It's known as swimsmanship.
Since 1884 100 games of football have been played between Lafayette College and Lehigh University, which is the most times two colleges have met on the gridiron. (In the old days they used to play two and three times a season.) The game played last Saturday, which ended in a 6-6 tie, was memorable only because it was the 100th, but there were old grads in the stands who recalled not the Game of '98 but the Riot of '02, the Pregame Riot of '33, the Brawl of '48, and the Snowball Fight of '55. The 1964 game was pretty quiet—Lehigh's flagpole was painted a Lafayette maroon and the Lafayette leopard statue was painted a Lehigh brown, but not much else of interest happened.
Pish-tush. One year, they say, Lehigh students burned down the Lafayette library. And there was another year that Sam Harleman, Lehigh '01, remembered. "We played two games at Lafayette," he said. "That meant two fights. It got kind of rough." Just how rough may be judged by the legend of Tom Keady, who coached Lehigh from 1912 to 1920. A big man, he was a quiet one, too, and therefore considered weak on the pep talks that preceded each game. Ah, but before one game, the story goes, he evoked the proper mental attitude by silently choking a leopard to death and throwing the carcass of the beast at the feet of his players.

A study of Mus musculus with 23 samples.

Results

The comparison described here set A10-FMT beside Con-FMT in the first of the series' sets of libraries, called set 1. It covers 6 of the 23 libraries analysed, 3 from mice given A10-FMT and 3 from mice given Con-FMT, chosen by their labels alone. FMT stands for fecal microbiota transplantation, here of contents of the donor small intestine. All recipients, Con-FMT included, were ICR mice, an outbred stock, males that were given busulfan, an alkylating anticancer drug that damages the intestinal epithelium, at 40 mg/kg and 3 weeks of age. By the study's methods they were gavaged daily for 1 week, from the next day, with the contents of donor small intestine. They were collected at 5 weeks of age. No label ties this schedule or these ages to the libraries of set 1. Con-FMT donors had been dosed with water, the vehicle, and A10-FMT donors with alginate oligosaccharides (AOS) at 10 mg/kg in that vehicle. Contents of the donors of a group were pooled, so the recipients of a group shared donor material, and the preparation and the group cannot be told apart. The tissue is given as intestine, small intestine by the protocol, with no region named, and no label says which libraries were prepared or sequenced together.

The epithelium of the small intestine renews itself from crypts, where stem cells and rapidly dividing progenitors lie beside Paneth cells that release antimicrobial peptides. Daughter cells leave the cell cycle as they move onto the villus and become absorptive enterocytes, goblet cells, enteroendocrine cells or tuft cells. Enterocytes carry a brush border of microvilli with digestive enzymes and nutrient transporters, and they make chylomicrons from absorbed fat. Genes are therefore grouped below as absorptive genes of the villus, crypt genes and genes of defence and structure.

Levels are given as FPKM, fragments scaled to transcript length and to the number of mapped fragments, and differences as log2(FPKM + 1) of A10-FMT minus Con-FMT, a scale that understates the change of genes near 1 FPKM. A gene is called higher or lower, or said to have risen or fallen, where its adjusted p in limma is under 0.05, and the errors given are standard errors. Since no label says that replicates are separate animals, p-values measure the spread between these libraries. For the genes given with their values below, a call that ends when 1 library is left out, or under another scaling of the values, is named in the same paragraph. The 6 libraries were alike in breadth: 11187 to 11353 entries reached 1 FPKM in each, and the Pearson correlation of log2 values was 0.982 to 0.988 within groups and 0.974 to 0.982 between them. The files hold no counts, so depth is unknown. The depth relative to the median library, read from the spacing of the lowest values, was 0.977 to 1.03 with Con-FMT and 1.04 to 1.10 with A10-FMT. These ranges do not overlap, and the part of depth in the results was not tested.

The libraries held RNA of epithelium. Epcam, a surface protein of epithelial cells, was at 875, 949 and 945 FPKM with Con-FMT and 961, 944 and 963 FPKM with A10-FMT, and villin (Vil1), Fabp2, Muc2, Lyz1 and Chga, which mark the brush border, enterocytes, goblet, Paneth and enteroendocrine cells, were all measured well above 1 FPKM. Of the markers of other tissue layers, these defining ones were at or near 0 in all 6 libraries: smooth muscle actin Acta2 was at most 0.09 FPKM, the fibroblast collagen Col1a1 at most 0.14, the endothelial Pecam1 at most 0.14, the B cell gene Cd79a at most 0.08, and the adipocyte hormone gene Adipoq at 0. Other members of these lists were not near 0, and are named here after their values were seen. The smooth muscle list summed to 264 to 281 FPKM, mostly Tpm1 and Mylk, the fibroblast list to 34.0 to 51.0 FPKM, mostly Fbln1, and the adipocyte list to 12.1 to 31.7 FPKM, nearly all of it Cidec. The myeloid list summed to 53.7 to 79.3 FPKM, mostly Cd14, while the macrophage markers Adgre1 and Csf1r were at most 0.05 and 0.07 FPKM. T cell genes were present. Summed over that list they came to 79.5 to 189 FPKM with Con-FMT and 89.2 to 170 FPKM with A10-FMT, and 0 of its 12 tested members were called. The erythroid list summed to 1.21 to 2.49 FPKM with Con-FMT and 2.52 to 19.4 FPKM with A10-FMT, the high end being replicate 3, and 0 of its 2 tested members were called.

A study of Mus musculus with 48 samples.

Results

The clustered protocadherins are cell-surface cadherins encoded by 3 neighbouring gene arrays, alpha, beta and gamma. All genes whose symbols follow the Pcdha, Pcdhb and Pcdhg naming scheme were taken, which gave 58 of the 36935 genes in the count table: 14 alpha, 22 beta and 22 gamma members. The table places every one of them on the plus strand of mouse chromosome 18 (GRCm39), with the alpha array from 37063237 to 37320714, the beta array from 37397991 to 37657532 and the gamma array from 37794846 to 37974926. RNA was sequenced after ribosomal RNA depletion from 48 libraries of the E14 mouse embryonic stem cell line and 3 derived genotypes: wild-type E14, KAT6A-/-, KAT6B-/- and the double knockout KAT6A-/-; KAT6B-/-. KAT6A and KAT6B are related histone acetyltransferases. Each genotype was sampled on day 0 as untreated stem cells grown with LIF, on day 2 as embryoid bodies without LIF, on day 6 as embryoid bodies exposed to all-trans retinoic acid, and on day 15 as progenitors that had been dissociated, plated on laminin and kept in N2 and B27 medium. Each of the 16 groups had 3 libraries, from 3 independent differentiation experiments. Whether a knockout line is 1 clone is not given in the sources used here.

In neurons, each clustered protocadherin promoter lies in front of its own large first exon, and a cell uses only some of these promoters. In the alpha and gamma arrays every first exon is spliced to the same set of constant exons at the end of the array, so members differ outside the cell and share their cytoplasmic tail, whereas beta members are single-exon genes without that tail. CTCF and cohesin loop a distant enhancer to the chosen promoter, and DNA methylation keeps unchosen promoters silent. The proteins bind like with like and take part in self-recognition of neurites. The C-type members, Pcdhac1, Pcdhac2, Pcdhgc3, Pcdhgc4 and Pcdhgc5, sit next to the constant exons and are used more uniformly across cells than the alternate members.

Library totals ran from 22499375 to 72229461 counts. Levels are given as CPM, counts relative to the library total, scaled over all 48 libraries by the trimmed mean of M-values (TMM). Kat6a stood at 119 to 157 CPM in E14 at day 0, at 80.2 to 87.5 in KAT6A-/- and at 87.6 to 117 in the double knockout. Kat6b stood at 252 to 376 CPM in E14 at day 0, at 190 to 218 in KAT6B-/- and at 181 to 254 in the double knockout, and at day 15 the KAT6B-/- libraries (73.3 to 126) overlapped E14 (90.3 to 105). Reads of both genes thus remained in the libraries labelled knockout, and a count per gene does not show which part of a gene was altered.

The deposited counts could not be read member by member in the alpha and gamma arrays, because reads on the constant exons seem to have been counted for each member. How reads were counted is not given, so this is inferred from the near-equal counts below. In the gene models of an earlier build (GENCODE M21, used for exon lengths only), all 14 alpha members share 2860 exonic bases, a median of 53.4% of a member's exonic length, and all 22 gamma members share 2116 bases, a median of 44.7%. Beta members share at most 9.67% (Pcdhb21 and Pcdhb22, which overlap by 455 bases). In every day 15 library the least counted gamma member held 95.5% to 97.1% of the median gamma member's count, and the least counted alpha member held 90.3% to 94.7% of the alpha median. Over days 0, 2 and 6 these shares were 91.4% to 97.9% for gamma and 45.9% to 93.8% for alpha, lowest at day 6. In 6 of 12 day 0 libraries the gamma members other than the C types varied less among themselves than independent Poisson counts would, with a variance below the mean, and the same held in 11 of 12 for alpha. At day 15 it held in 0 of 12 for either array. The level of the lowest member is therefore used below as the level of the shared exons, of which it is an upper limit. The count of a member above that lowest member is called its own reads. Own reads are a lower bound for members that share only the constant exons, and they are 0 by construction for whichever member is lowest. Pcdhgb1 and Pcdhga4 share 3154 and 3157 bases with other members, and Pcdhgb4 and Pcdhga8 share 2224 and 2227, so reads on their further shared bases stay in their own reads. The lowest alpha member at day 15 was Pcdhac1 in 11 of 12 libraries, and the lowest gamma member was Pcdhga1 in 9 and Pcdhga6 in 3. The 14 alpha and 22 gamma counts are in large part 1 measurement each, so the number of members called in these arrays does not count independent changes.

He did it, a Lafayette follower said, "to appeal to their intelligence."
BACHELORS OF BANKO, CUM LAUDE
When Britain's betting and gaming act went into operation in 1961, permitting the establishment of betting shops the length and breadth of the land, bookmakers had difficulty finding clerks trained to handle the action. But in time this was solved by the London School of Turf Accountancy, founded 18 months ago by Liam Cavanagh, son of an Irish bookmaker.
The school offers four courses. They range from the simplest, for telephone operators and counter clerks, to the most advanced, ominously entitled The Super Settler. A settler is a man who settles bets, determining how much winners should receive. Students of settling must learn such basics as the difference between a "banko" and a "super Yankee." (A banko consists of three selections, seven bets, three doubles, one treble, plus a "roundabout." A super Yankee consists of five selections, 26 bets, 10 doubles, 10 trebles, five foursomes and one accumulator. That's as close as we can come to explaining it. A "trixie," incidentally, combined with a roundabout makes a banko. All clear?)
Among those who have failed to master the arithmetical intricacies of the settler's course are a doctor and a barrister, who matriculated for kicks. And small wonder that they failed. A settler student must work out, with more than deliberate speed, such problems as how much is owed on an each-way treble involving favorites, two of whom have dead-heated, while the third, a co-favorite of three, has finished third at odds of 7 to 2.
Cavanagh says he is now seeking a "proper degree examination for the professional."